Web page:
Taxes Dampen Rich, But Don't Soak Them

SENATOR Mitch McConnell, campaigning in his home state, Kentucky, has been telling voters that he won't vote for any budget package that will not make the rich pay their fair shares of taxes. Nothing surprising about that - except that Senator McConnell is a Republican. To Robert McIntyre, director of Citizens for Tax Justice, McConnell's campaign promise indicates the degree to which issues of tax and economic equity have returned to the national political scene.

The Democratic Party traditionally has held that it is the party of the ``common man.'' But during the presidency of Ronald Reagan, Democrats mostly went along with the antitax, supply-side economics of the Republicans. The Democrats were labeled successfully as big spenders.

Now the Democrats again feel safe to advocate putting more of the tax burden on the rich, and some Republicans are finding they must avoid being tagged as the party of the rich. The deficit-cutting package passed Oct. 16 by the Democrats in the House of Representatives would have boosted taxes by $149 billion over the next five years, of which some $92 billion, or 63 percent, was to come from those earning more than $200,000 a year. The final fight in the conference committee over the budget package has not been about whether to impose more tax on the wealthy, but how to do it and how much to take. This is a big switch in political terms.

The compromise will soak the rich less than the House bill. Mr. McIntyre says it will take back less than one-fifth of the tax cut the well-to-do obtained in the 1980s. ``It is not like Congress is repealing supply-side economics,'' he says.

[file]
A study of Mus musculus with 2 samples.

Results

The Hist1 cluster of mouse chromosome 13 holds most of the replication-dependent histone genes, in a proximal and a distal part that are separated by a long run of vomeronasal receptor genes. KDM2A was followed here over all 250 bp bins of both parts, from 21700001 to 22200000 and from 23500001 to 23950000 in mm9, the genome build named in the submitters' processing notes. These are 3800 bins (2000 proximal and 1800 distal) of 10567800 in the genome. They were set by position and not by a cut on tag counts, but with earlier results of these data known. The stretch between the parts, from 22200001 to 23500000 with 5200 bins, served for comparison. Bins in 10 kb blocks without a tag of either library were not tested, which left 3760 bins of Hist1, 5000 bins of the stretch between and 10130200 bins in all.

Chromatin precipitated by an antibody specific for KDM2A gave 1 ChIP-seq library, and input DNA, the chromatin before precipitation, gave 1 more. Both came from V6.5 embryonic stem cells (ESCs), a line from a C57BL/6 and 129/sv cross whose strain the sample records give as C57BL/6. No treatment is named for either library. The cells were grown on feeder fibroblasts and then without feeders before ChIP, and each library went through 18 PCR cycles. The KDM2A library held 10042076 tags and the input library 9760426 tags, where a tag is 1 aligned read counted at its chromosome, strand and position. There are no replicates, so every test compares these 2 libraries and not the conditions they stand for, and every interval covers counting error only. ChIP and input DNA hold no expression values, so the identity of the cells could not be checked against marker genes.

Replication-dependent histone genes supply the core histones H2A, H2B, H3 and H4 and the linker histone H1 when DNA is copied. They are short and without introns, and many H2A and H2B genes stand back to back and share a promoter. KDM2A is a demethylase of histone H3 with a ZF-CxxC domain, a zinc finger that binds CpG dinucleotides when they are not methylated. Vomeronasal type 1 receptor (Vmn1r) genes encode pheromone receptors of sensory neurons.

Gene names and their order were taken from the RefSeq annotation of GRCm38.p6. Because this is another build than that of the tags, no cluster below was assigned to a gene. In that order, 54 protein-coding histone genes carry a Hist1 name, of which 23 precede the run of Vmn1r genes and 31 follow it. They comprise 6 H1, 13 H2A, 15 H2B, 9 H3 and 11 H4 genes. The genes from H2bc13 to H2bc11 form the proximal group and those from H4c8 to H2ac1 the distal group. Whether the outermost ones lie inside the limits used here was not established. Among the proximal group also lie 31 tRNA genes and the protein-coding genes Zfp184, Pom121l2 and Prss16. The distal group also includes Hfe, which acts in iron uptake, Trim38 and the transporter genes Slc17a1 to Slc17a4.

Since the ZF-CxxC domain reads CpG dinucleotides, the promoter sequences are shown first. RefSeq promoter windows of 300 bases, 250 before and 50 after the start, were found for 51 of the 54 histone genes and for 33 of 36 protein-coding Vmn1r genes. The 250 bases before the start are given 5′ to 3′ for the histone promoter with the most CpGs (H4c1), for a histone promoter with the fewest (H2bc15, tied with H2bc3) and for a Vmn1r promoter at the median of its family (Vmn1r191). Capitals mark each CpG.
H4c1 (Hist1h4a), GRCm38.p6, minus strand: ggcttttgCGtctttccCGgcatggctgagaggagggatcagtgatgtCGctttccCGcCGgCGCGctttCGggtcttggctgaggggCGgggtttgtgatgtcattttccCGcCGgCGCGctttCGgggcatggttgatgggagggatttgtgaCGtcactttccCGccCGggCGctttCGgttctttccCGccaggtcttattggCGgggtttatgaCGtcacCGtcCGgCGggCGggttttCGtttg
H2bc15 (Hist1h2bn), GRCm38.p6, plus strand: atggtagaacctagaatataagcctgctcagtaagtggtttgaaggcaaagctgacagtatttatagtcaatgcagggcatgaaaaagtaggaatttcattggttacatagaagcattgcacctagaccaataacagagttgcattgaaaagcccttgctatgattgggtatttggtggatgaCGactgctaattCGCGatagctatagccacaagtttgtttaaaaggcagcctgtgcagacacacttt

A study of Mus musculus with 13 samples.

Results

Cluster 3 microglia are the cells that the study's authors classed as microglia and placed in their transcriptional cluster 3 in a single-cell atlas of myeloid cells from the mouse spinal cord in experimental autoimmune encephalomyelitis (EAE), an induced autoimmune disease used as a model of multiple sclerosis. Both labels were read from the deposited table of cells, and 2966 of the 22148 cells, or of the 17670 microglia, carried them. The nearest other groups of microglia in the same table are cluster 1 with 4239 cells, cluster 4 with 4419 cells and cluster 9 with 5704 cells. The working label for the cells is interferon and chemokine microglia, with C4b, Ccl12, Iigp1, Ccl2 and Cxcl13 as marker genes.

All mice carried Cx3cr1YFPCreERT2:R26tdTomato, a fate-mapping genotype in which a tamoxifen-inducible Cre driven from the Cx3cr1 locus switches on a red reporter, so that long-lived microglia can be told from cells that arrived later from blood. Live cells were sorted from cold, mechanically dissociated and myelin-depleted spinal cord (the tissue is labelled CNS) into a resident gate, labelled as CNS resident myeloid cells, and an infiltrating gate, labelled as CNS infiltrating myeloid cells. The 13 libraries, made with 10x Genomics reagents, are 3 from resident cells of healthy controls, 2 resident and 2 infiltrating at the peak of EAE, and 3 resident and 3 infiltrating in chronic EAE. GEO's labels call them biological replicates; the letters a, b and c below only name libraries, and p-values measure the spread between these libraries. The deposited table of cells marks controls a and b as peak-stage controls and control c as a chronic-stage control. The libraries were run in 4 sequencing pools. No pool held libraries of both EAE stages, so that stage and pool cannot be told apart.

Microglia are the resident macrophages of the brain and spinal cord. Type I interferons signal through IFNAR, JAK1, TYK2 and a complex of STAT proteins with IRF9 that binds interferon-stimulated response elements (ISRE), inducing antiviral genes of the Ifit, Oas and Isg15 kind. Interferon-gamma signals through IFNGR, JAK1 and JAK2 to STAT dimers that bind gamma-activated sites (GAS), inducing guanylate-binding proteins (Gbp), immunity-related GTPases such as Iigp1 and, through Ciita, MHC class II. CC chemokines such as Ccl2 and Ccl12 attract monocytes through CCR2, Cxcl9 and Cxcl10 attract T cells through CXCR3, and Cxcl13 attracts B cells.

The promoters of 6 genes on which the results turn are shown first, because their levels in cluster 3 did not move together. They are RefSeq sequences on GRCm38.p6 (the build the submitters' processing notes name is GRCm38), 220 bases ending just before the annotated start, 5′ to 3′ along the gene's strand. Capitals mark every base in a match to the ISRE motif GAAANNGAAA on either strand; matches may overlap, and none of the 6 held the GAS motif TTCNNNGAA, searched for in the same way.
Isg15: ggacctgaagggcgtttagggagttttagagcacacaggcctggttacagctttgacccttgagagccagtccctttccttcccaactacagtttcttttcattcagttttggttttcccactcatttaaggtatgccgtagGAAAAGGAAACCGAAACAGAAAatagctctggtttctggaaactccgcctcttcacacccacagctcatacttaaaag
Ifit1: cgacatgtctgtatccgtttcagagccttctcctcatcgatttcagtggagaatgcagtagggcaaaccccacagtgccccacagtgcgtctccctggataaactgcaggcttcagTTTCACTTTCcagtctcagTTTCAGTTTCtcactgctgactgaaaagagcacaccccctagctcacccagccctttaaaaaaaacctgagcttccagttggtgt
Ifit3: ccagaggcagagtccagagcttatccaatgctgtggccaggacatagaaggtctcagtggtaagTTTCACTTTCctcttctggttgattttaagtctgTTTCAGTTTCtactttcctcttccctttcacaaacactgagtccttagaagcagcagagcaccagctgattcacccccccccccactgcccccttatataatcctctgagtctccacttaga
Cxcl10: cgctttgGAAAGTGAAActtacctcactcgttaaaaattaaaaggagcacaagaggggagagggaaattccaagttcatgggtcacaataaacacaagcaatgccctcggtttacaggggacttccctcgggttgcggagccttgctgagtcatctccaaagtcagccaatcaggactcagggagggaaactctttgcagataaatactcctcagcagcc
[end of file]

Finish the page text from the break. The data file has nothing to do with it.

Nor would most economists regard a federal tax take of about one-third of the income of the rich as confiscatory. Most industrial nations take a higher proportion of the income of the wealthy in taxes - and, for that matter, of middle class incomes as well.

``There is no reason to believe that the new rate will affect the incentives of the rich,'' says Lawrence Mishel, research director of the Economic Policy Institute, another Washington think tank.

Despite its tax-the-rich slant, the new tax package will not level the distribution of income in the United States by much. In 1977 the richest 1 percent of families earned 7.3 percent of total after-tax income; that proportion now is about 12.6 percent, according to a study by Mishel. Only about 1.3 percentage points of that shift, however, was due to the tax reductions given the well-to-do in the 1980s. The growing division between the rich and others was due largely to greater capital gains, interest payments, and a widening inequality in wages.

``A free market produces inequality,'' says Mishel. He believes the government should lean against that tendency with its tax policy. ``It hasn't been doing that. It has been reinforcing it.''

McIntrye guesses that the new tax package will trim the share of income of the richest 1 percent of families by less than 1 percentage point.

Herbert Stein, who was chairman of former President Nixon's Council of Economic Advisers, says he would have preferred not to see any increase in tax rates: ``But it is a small price to pay to make everybody feel that they are being fairly treated.''

Dr. Stein makes another point about the budget package: It is not big enough to have a significant impact on the economy. The economy is running at a $5.4 trillion annual rate of output. A shift of several tens of billions in taxes or spending per year is not going to do much to worsen the economic slump.

``The effect will be a long-run one,'' says Stein. By reducing the budget deficit by $500 billion over five years, the government will need to call on the national savings by that much less to finance the deficit. This will leave more money in the nation's savings pool for use by private investors and thereby increase economic growth somewhat.

Moreover, the settlement of the budget package at last will boost confidence in the economy at home and abroad in some degree. And, adds Stein, the decision to break the political bar to new taxes means that the federal government may find the resources to tackle national problems. ``We will be able to make better decisions in the future,'' he says.